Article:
By Tom Poland
The Gentle Cycle
A neighbor suggested I join a community website where people post about restaurant openings and closings, shady repairmen, and snakes. “What kind of snake is this?” The answer is always, “I don’t know but it looks poisonous to me.”
Forget snakes. I took the bait and signed up. Mostly the neighborhood network is about Spots and Boots, lost dogs and cats, but last week a post caught my eye. A woman had bought a home in the community and she needed some gallant man to take down the old clothesline out back.
Take it down?
How about use it.
Here we are wringing our hands over global warming and feeling guilty about driving fossil fuel burners, and what do we do? We turn our back on the clothesline, a simple, earth-friendly way to dry clothes. My friend, folk artist Harold Branham, summed things up with some nifty verses.
“When life was on the gentle cycle/All you needed was two trees/You could hang your clothes on a line/And let them dry in the breeze/Now it takes two tall poles/With high voltage lines/To dry the clothes that you wear/Because you don’t have the time.”
How well I remember being sent to fetch dry clothes off the line when a summer storm was blowing in. The cotton shirts were stiff and starchy and smelled like sunshine. What? You say you can’t smell sunshine. Sure you can. Gather up some fresh cotton towels and shirts from a day on the clothesline. That airy clean fragrance? That’s the sun you smell. But no, we are too good for that today. Now we need fabric softener to get a fresh fragrance. And lint screens. Did you ever see a clothesline create a bunch of lint? I haven’t.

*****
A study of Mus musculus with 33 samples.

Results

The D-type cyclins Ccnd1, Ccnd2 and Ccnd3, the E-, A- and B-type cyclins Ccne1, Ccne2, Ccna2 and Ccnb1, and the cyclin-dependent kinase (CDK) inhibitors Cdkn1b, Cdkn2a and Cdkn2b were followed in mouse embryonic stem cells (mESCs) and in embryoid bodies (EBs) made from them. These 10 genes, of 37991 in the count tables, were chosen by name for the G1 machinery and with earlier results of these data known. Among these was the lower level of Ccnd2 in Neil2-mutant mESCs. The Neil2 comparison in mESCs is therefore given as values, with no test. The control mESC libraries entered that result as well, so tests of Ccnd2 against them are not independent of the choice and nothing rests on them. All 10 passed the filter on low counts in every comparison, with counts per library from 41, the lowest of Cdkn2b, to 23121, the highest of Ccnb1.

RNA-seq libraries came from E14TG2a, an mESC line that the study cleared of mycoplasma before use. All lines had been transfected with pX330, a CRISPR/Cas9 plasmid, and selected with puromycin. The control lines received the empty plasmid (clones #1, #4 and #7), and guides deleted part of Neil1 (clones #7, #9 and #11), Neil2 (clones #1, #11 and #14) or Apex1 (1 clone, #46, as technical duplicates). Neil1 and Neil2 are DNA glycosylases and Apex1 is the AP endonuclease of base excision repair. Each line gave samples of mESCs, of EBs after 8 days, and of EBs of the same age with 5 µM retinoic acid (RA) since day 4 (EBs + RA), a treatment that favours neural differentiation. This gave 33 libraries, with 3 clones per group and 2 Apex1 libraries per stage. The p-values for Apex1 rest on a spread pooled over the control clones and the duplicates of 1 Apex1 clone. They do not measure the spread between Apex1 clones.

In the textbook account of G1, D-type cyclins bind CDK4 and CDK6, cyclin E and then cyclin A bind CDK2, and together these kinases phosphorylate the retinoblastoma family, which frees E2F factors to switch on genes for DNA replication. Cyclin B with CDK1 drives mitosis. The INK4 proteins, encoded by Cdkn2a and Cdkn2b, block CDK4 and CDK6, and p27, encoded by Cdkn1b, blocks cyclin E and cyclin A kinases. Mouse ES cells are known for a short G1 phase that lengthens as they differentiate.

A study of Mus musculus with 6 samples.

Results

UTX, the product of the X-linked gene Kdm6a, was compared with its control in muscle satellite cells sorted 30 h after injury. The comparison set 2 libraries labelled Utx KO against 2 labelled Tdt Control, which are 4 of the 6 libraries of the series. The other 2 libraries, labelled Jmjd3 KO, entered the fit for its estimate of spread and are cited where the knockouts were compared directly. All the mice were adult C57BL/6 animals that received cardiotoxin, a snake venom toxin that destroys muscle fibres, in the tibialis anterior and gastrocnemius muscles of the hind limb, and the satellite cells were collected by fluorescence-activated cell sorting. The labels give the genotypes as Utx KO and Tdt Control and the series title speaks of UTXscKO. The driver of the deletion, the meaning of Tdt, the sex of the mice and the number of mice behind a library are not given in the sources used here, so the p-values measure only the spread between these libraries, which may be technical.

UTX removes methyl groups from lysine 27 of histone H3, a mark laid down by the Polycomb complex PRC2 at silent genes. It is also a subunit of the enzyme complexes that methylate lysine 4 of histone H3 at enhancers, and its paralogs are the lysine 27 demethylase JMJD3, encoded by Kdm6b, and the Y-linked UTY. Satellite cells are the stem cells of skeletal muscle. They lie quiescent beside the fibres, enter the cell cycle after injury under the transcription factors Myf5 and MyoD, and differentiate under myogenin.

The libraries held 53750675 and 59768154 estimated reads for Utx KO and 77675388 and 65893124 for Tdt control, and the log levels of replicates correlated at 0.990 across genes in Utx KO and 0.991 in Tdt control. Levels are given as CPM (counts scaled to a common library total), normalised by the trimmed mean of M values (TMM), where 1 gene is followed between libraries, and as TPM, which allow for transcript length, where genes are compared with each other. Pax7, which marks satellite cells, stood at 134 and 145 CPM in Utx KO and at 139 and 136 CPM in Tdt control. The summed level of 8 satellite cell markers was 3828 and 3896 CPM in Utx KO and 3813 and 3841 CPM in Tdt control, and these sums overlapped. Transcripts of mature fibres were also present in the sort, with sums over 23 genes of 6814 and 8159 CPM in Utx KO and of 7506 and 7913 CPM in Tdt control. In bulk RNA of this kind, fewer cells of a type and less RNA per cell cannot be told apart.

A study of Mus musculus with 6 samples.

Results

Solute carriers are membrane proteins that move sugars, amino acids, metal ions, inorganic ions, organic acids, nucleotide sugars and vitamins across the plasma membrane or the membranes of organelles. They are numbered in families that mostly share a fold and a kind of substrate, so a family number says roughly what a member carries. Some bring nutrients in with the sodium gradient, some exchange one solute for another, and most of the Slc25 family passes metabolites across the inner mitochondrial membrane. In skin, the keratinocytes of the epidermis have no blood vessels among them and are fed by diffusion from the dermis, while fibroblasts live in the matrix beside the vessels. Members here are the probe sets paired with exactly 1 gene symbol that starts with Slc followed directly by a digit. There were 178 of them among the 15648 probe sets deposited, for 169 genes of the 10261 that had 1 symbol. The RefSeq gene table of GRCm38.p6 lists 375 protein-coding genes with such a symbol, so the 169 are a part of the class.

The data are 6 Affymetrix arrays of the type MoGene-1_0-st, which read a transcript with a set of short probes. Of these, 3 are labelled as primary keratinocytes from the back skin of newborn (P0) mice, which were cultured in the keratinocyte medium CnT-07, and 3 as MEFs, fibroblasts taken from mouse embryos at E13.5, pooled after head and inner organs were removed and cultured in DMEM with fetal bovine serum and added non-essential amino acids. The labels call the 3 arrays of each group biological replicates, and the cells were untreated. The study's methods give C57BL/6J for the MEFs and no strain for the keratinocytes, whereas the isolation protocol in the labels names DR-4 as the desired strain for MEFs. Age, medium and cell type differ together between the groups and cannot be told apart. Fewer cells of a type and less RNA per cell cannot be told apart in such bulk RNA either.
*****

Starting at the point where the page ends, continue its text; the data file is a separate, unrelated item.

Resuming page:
Why’d we give up on the clothesline? Was it seeing someone’s bloomers flying in the wind like the sail of a seagoing schooner? Was it the occasional dog that pulled Dad’s work pants from the line and chewed ’em up good? Was it rain that set in for days meaning no fresh clothes? Maybe. Was it the desire to be modern like our neighbors?
I say the latter with a tad of laziness thrown in. We like gadgets and appliances. Stuff that makes work easier. Electric dryers. Blow dryers. Electric can openers. Battery powered blowers. Electric and gasoline weedeaters. Anyone out there remember sling blades? They made no noise and they worked fairly well.
The clothesline. Going, going, gone. Enjoy Harold’s art of an institution going the way of some extinct species. Check out too the photo of an old clothesline I stumbled onto at an abandoned home.
Abandoned. Now that’s the word we seek. We abandoned clotheslines even though they worked just fine. And yet we complain about the environment and utility bills when the truth is we can do something good for Mother Nature, if we want to.
As for that lady and her new home, I hope some old-timer gave her a pack of wooden clothespins (hard to find) and explained just how to use that line strung across her back yard. In Harold’s words, why not put at least a part of her life “on the gentle cycle,” something many of can do … if we so choose.